GRAND VALLEY, Colo. A horse virus has already sickened 200 horses and cows in Colorado and even though the cases are concentrated to the Front Range, Grand Valley livestock owners are taking the threat seriously.
"Another thing just like West Nile that us as livestock owners, we're keeping a close eye on," said Joe Burtard, owner of JR's Carriage Service. "We're doing every precaution that we can in order to prevent our livestock from coming down with a virus."
The virus is called vesicular stomatitis, or VS, and it's spread mostly through flies and mosquitoes.
None of the horses for JR's Carriage Service have VS, but Burtard said he's taking steps to try to ensure they don't contract it.
"It's costly to quarantine your horse, it's costly to treat the source that they get and in addition to the cost, it's just really painful for the horses, so you just want to avoid it altogether," he said.
Flies crowd around manure in horse stalls, so cleaning out stalls more often will eliminate some of the fly population around stables.
There are also horse sprays and face covers to keep flies from landing on horses.
Symptoms of VS are mouth sores and blisters paired with loss of appetite.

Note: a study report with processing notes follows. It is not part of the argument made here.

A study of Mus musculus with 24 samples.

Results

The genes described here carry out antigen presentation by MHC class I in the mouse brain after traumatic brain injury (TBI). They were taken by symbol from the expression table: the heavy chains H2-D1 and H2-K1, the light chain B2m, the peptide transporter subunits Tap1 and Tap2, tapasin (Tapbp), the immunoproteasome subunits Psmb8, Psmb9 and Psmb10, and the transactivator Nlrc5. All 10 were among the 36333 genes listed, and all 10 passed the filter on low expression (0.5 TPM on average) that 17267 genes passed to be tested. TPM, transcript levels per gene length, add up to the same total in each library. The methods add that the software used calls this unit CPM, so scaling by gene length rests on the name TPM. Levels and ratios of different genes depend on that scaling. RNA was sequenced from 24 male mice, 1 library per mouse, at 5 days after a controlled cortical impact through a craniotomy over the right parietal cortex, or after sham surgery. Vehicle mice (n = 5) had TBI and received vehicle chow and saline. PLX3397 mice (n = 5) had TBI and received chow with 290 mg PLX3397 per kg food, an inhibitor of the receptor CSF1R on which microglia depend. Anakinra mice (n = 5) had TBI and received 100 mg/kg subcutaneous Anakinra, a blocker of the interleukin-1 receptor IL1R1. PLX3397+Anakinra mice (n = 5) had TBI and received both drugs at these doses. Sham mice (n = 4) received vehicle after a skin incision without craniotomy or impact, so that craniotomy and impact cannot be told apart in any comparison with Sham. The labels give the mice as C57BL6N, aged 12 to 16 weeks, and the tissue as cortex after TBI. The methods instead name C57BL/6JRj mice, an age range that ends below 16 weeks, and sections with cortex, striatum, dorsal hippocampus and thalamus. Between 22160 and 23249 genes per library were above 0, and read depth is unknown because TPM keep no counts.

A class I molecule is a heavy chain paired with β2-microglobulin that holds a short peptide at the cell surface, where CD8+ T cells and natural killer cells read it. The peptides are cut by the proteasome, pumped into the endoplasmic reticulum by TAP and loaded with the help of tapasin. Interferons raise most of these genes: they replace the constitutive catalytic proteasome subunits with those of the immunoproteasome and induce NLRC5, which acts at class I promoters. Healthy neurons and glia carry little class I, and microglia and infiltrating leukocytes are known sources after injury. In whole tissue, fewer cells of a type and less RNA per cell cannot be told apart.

"Mostly you just know your horse's personality and you know when they're not feeling well just like you know when your child's not feeling well," Burtard said.
It did prompt the Western Slope Reining Horse Association to cancel its five-day August show last week to prevent further spread of the virus.
"We just don't want to take the chance of either our horses getting the virus or contaminating the facilities at the fairground and spreading the virus to other horses and cattle," said Jan Williams, treasurer for the Western Slope Reining Horse Association.
That show was set to host 150 horses and upwards of 200 people causing the association to lost up to $50,000 by cancelling the show.